So, seeing as I did a list of my favourite fantasy tropes a couple of weeks ago, and because I can’t seem to get through a month without dishing out bile, I thought I might as well let you know fantasy tropes I hate.
Now it’s time to even the scales and hopefully, make these tropes so subconscious about themselves they cry and hopefully wet themselves.
5. Farmer to Warrior
You know what warriors or at least famous warriors all have in common? No, not loincloths. I’m talking about battlefield combat experience. You know what farmers don’t have? That’s right, combat experience, which raises the question of why so many fantasy novels have their main character able to fight warriors overnight after never picking up a sword before.
The most frustrating part is when the character goes from not knowing which end of the sword is which to defeating champions of the realm with no real explanation or reason other than ‘just because’. It just gives off the vibe that the author can’t be asked to build up the characters and just wants to get to the good stuff.
Most novels at least have the sense to show the farmer training with their mentor or give them some proficiency with weapons before they become a warrior but surely, we can just give characters more interesting backstories than farmer if we’re just going to magically give them experience without them having to earn it.
How about a pastry chef? That way they can whip up some snacks for everyone in between duels to the death.
4. Secret Royalty
Hey, have you ever thought there was something special about you like everyone else knows something you don’t?
Good news! If you’re in a fantasy world more often than not that means you’re a secret heir to whoever makes up the big ruling royalty of your world.
Because what’s cooler than having your character’s problems and struggles (you know, the interesting stuff) thrown into the trash thanks to some classic wish-fulfilment? It’s really frustrating to see interesting characters that have to overcome problems and struggles to succeed, only to have that taken away from them because as royalty they can do whatever they want without consequence.
Honest question: when has the revelation that the main character is secretly royalty ever made you feel more invested in them than you already were? Probably not, unless you inherently see those in a position of power determined by birthright to be of a higher status than everyone else (hello England!)
This trope has been done so often but it always feels half-baked and just comes out of nowhere.
3. Damsel in Distress
Princess Peach. Zelda. Daphne from Dragon’s Lair. Do you know what all these characters have in common? Their personality traits (at least originally) can be encompassed with one phrase – “Damsel in Distress”.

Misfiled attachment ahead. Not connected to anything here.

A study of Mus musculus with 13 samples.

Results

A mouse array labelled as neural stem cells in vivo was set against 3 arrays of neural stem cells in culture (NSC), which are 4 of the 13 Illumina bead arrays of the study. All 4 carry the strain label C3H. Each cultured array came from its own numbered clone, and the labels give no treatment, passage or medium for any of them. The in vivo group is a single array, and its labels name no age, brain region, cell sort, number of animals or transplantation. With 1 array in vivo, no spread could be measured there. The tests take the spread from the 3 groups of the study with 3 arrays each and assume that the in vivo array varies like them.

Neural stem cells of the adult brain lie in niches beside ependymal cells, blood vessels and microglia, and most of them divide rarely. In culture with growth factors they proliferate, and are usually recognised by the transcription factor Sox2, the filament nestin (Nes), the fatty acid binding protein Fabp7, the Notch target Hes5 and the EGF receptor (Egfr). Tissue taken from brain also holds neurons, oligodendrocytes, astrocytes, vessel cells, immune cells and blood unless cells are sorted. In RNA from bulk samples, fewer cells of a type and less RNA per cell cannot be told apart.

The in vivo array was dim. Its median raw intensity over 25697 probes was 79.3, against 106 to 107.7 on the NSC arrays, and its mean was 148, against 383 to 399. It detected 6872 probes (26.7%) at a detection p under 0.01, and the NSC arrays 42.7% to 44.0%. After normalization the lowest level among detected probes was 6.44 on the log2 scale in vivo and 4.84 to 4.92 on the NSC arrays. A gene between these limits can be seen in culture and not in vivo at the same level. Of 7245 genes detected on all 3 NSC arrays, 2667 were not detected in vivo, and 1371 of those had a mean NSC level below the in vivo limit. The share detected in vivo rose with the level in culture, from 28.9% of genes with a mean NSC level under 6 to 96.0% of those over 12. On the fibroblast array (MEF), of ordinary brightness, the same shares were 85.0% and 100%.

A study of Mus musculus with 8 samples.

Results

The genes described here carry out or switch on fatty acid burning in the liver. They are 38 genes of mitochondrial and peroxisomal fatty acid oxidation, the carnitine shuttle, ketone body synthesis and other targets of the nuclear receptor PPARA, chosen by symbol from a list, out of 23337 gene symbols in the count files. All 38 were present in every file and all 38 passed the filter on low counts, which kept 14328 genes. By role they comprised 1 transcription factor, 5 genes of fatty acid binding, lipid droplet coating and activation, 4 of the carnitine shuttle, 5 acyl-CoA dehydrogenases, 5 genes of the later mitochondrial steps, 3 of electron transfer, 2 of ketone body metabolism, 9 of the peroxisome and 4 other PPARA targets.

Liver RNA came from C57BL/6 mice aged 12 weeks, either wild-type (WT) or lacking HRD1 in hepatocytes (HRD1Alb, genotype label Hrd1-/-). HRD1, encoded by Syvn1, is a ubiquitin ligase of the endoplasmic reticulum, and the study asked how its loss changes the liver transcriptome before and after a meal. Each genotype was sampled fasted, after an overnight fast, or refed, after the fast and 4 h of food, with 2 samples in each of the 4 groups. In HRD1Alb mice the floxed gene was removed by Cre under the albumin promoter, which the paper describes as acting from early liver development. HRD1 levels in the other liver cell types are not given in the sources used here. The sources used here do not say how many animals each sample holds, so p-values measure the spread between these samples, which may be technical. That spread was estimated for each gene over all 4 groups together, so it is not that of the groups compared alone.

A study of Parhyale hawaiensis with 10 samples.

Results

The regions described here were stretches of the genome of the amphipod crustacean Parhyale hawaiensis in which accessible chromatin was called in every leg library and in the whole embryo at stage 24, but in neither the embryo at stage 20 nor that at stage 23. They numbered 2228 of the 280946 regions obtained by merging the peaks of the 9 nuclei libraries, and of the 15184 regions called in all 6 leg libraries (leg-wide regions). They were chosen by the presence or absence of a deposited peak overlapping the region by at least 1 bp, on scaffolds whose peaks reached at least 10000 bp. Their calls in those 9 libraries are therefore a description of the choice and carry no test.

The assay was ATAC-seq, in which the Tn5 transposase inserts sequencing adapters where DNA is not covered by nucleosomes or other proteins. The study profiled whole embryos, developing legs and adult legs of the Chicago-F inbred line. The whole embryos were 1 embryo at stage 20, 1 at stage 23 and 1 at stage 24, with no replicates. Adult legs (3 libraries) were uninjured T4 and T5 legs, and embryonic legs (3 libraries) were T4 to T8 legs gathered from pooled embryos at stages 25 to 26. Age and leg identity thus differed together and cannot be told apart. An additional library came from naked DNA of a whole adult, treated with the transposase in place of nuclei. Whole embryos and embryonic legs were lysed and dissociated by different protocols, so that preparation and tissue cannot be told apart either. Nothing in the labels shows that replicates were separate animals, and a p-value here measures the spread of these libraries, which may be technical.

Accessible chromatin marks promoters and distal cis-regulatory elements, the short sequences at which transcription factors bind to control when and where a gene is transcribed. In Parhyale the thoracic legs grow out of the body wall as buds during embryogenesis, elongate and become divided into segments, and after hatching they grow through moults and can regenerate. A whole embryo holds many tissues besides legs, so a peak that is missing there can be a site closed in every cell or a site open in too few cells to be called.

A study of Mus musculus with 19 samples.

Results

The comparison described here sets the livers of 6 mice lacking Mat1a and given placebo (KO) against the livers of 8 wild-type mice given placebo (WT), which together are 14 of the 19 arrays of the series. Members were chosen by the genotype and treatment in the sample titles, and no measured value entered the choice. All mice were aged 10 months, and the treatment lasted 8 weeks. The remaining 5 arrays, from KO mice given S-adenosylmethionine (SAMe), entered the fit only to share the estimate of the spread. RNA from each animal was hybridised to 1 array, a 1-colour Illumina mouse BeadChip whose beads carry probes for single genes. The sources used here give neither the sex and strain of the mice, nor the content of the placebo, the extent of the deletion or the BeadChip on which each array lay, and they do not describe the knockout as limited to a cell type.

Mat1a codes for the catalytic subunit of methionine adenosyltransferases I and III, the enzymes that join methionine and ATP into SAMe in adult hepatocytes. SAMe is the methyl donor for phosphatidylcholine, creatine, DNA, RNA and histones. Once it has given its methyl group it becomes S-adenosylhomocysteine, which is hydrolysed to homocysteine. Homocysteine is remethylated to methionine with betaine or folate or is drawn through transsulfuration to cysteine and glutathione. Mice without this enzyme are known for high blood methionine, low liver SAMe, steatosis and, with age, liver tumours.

You know what else they have in common? They are as boring as baked beans on toast, with absolutely no agency of their own.
Think about the great characters that have persisted throughout history (or at least your favourite character). I can guarantee that none of them would ever be described as a damsel in distress. You don’t make a character memorable or interesting by locking them in a room and make them wait for actually interesting characters to rescue them.
If you absolutely have to have a character playing the damsel in distress role, at least give them something to do that actually affects the plot. Maybe have them distract the main bad guy with some sort of game… charades maybe?
Call me a carnivorous vampire hunter because I love me some stakes. For me, stakes are everything to a story. Sure, characters and worldbuilding are important but that means nothing if you’ve got no stakes to hook you in. Stakes are what gets me invested in a book and then the world pins me down so it can vomit all its characters over my face.
All of this to say that I hate prophecies. Not only do they kill any suspense about whether the hero will defeat the villain because the prophecy said they would. They also rip out the stakes and character agency entirely.
Whenever a prophecy comes up in a story, it just makes me stop caring about the characters and events because in the back of my head I know that whatever happens, it will all work out because some guy wrote that it would down on a scroll a hundred years ago.
1. Magic Resurrection
Death is one of life’s greatest mysteries. It, along with the innermost secrets of the cosmos, are some of the things we as the human race will likely never solve. Death makes everything in life all the more meaningful because of its finality.
This is true for both the real world and fictional worlds we love to immerse ourselves in. If a character is immortal, there are no consequences to their actions. With no consequences what’s the point of caring about what happens to them – it’s not like they’re going to die or anything. Ready your barbeques because once again it's coming back to those all-important stakes.
As soon as you introduce magic resurrection to your universe, you’re pretty much taking the stakes of your story and world and piledriving them into a concrete barrier with a sickening crack. Being able to resurrect characters time and time again undermines any emotional impact from their death in the first place.
I’d strongly urge anyone considering pulling a magic resurrection to reconsider – not because I hate happiness and want everything to die… well not just because of that at least.
What are some fantasy trope you hate? Let me know either in the comments down below or get in contact.